The number of mortgage approvals made to home buyers slumped to a record low in April as the housing market was held at a near-standstill, Bank of England figures show.
Some 15,848 mortgage approvals for house purchase were recorded – around 80% below February levels before coronavirus lockdown measures were imposed – the Bank’s Money and Credit report revealed.
This was around half the number of approvals taking place in the trough during the financial crisis, and the lowest since the figures started in 1993, the report said.
The figures were released as Nationwide Building Society’s latest house price index showed that more than £4,000 was wiped off average property values in May, marking the biggest monthly fall in 11 years.
Nationwide said that across the UK, the average house price in May was £218,902 – £4,013 less than a record high of £222,915 recorded in April.
Approvals for re-mortgaging also fell in April, the Bank of England said, to 34,400, 34% lower than in February.
The Bank of England report said: “Weakness in the housing market associated with Covid-19 was reflected in weak mortgage market activity in April.”
Andrew Montlake, managing director at mortgage broker Coreco, said: “Unsurprisingly, mortgage approvals went off a cliff in April as lockdown put the economy on hold.
“Since the lockdown was eased in mid-May we have seen a sharp increase in inquiries, reflecting the significant pent-up demand in the market right now.
“People had a lot of time to reflect during lockdown and many have now decided that they are keen to move to different areas of the country.
“We are seeing a sharp rise in the number of people looking to move to more rural areas given the perceived reduced risk from further potential surges in Covid-19.
“There is definitely more caution among surveyors but for now valuations are holding up fairly well given the strength of demand.”
Mark Harris, chief executive of mortgage broker SPF Private Clients, said he expected May’s data to show an improvement, adding: “With lockdown easing and surveyors able to return to physical valuations, lenders are back with higher loan-to-values, while rates are ultra-competitive.”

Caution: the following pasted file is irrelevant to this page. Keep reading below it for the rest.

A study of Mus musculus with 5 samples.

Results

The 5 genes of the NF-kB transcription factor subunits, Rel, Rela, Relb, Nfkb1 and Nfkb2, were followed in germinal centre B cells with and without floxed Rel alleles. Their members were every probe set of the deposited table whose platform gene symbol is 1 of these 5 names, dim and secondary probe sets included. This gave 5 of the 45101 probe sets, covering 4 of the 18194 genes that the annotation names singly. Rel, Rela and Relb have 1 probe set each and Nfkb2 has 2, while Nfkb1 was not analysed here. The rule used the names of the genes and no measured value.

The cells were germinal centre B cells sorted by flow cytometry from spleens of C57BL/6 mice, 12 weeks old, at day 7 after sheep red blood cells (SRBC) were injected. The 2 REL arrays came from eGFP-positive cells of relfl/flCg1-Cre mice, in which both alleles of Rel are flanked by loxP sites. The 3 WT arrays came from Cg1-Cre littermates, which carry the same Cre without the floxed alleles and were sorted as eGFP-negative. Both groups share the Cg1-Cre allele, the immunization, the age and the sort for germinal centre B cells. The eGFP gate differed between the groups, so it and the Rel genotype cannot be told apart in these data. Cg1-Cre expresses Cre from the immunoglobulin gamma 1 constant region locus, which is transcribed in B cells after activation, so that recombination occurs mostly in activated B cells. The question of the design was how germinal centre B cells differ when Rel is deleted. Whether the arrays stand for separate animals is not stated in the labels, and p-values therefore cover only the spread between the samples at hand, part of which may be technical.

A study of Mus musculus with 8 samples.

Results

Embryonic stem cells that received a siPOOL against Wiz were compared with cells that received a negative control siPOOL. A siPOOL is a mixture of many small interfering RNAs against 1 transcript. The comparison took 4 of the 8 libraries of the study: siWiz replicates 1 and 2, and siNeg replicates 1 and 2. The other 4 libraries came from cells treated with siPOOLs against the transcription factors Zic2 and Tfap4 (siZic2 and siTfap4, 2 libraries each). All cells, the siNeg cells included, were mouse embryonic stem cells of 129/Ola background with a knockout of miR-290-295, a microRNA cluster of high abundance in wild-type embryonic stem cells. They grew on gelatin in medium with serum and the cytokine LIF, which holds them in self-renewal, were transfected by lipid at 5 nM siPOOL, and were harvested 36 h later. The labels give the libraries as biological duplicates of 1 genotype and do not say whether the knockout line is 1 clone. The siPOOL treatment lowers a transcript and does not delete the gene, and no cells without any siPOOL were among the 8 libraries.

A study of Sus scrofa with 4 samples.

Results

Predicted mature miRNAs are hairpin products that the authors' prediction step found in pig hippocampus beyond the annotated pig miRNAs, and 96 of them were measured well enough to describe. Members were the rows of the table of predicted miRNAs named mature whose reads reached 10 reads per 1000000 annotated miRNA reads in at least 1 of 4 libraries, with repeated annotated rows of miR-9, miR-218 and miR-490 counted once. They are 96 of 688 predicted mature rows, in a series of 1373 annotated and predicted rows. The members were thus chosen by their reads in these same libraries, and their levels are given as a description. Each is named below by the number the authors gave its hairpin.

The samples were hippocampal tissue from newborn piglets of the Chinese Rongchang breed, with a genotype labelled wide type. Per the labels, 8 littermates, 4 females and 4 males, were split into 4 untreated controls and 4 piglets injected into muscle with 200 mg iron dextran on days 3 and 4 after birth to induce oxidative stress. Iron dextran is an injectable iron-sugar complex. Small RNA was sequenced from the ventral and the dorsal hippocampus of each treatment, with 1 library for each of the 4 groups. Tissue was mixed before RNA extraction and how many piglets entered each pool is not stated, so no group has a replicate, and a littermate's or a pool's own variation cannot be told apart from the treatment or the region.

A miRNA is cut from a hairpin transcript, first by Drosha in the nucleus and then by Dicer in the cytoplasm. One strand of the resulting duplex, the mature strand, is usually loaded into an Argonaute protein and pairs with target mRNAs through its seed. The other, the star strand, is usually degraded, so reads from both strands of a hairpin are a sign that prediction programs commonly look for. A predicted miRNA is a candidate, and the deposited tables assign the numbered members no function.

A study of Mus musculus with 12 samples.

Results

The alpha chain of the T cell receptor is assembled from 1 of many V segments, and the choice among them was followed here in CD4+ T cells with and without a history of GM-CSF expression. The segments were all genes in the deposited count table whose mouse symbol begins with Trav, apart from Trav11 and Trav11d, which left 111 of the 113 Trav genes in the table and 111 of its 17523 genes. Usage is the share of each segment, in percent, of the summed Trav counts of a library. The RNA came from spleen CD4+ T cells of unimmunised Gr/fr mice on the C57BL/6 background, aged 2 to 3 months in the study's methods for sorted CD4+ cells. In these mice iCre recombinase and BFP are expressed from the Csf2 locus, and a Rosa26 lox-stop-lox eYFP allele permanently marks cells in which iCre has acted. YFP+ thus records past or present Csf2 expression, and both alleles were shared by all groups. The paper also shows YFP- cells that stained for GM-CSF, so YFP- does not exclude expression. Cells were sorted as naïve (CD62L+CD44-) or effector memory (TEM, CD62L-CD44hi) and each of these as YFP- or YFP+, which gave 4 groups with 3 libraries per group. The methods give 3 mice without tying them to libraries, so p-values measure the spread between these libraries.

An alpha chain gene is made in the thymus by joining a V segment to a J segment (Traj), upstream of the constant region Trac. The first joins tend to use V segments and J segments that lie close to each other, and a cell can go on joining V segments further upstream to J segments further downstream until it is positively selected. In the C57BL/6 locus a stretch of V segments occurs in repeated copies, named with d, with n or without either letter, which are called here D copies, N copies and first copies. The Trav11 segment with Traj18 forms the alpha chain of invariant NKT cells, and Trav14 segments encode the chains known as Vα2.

The Bank of England report also showed that households made a net repayment of £7.4 billion in consumer credit in April – the largest net repayment since the series started.
The majority (£5 billion) of net consumer credit repayments were on credit cards, while £2.4 billion of other loans were also repaid.
The report said the “extremely weak” net flows of consumer credit meant that the annual growth rate in this type of borrowing fell below zero in April, to minus 0.4% – the weakest growth since August 2012.
With lenders offering £500 interest-free overdraft buffers to borrowers whose finances have been hit by coronavirus, the “all-in” cost of overdraft borrowing fell sharply in April, as lenders removed fees and held rates low.
The typical rate on overdrafts (including fees) was 10.93% in April, around 15 percentage points lower than in March.
Samuel Tombs, chief UK economist at Pantheon Macroeconomics said spending and borrowing would rebound in June, as shops re-open their doors.
He continued: “But we doubt that households will spend the cash they have accumulated during the lockdown soon, given heightened job insecurity and lingering concerns about catching the virus.
“Mortgage approvals likely will snap back too, now that in-person property viewings are allowed. But with mortgage rates having fallen only marginally so far this year, unemployment set to rise and banks intending to restrict the supply of secured credit, we expect mortgage lending to remain at least 10% below its pre-virus peak in the second half of this year.”
The report also said private sector businesses raised a total of £16.3 billion from banks and financial markets in April, down from £31.6 billion in March.
It said: “Private sector businesses of all sizes borrowed little extra from banks in April.”